New York: Fresh protests broke out in Iran over the death of a young woman who had been arrested by the “morality police” that enforces a strict dress code, local media reported.
Public anger has grown since authorities last week announced the death of Mahsa Amini, 22, in a hospital after three days in a coma, following her arrest by Tehran’s morality police during a visit to the capital on September 13.
Demonstrations were held in Tehran, including in several universities, and the second city Mashhad, according to the Fars and Tasnim news agencies.
Protesters marched down Hijab Street — or “headscarf street” — in central Tehran denouncing the morality police, the ISNA news agency reported.
So far, police have made arrests and fired tear gas in the dead woman’s home province of Kurdistan, where some 500 people had protested, some smashing car windows and torching rubbish bins, reports said.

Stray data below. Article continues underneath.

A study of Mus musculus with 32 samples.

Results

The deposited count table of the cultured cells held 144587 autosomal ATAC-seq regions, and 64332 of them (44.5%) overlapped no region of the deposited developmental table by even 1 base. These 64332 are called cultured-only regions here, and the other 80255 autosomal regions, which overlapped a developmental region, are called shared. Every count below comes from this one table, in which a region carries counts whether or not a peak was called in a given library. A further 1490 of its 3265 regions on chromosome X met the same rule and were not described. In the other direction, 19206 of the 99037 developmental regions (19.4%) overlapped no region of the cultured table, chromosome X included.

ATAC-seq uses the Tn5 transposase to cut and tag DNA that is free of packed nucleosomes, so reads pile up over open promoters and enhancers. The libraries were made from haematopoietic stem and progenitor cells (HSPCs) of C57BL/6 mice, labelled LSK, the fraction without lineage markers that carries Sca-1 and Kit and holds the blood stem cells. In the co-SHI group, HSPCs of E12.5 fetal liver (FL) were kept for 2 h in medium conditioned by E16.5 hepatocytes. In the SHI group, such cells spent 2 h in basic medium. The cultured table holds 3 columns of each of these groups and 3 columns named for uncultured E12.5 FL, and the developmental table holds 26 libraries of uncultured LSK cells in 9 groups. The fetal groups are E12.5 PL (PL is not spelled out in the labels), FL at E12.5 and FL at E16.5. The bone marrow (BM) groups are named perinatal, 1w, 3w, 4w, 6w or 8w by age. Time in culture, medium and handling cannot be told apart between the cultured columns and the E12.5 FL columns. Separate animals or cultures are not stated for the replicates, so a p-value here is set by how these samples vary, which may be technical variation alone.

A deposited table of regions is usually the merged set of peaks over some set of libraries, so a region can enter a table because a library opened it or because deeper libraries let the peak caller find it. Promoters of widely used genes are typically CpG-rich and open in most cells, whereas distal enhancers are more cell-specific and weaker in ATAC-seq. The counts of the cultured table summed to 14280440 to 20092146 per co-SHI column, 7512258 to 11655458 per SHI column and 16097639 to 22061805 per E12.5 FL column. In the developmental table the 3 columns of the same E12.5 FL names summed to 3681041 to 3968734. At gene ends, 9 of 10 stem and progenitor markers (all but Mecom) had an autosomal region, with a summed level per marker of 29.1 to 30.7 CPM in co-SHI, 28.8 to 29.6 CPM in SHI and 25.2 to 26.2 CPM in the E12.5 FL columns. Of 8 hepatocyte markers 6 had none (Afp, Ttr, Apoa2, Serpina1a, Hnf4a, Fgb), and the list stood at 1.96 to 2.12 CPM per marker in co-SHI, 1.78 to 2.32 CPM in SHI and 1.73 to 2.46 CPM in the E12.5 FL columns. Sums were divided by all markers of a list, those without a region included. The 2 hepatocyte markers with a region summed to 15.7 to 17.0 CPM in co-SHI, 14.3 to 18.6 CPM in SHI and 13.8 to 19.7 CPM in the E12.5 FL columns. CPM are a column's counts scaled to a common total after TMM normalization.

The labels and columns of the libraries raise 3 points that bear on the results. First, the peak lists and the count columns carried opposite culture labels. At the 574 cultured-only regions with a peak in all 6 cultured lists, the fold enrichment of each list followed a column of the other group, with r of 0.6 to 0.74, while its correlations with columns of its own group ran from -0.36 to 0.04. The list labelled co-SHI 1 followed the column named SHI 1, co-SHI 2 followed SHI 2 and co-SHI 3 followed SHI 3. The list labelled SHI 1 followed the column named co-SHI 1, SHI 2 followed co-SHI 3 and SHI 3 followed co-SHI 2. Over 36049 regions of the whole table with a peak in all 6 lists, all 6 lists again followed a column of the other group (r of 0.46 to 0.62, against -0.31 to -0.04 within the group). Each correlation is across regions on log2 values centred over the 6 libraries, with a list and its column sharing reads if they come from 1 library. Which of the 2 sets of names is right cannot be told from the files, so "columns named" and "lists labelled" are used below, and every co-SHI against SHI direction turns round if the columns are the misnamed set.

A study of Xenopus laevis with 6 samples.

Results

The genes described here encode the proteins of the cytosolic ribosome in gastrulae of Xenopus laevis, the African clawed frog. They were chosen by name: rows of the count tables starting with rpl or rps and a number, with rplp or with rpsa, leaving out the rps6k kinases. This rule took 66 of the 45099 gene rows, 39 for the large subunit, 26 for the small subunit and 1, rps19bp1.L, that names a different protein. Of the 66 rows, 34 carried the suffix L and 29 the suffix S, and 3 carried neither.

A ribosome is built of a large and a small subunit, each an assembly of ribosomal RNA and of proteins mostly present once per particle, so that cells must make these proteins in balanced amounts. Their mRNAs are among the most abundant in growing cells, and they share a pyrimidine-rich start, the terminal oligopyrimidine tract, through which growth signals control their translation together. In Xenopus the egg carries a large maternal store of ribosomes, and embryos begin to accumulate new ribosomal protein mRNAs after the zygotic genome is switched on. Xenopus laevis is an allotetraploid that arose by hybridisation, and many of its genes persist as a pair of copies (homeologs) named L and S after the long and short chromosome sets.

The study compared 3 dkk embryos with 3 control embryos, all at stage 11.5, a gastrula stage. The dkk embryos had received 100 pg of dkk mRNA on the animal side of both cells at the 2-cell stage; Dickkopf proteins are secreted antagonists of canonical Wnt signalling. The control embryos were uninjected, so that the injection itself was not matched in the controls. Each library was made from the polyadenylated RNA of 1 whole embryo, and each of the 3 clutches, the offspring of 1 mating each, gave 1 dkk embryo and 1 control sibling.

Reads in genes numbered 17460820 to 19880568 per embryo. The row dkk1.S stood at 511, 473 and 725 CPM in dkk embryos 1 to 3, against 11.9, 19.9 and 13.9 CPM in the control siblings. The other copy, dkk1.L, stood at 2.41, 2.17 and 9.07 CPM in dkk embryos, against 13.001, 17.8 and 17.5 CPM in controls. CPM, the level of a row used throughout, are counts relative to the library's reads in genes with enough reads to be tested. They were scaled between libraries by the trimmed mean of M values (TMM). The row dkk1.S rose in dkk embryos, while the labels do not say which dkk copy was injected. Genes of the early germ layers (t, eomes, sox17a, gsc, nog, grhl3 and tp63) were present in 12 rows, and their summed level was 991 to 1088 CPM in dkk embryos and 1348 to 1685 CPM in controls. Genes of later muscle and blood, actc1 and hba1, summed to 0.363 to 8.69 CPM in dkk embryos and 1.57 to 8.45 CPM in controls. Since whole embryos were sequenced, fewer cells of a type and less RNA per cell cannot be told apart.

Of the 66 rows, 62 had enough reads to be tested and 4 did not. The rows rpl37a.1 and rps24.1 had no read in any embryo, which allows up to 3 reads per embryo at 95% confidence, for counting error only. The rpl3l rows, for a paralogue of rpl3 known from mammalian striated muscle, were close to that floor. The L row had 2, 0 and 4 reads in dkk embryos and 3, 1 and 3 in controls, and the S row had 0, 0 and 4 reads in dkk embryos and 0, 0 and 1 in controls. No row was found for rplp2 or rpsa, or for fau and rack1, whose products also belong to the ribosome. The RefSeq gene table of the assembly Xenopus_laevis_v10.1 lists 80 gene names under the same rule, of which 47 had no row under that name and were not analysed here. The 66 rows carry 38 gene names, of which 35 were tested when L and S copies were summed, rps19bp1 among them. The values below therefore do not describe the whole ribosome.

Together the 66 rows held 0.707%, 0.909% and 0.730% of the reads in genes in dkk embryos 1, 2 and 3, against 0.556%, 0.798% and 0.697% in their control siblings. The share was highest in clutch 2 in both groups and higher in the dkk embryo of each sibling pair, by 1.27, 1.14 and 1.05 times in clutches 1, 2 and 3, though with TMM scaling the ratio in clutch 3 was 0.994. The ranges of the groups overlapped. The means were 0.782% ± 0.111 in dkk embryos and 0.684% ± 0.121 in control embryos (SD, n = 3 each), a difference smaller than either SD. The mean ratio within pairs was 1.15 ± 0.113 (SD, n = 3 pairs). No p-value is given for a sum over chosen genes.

The morality police units enforce a dress code in the Islamic republic that demands women wear headscarves in public. It also bans tight trousers, ripped jeans, clothes that expose the knees, and brightly colored outfits.
Tehran police chief General Hossein Rahimi the woman had violated the dress code, and that his colleagues had asked her relatives to bring her “decent clothes”.
Students rallied at Tehran and Shahid Beheshti universities, demanding “clarification” on how Amini died, according to Fars and Tasnim news agencies. Amini’s death has reignited calls to rein in morality police actions against women suspected of violating the dress code, in effect since the 1979 Islamic revolution.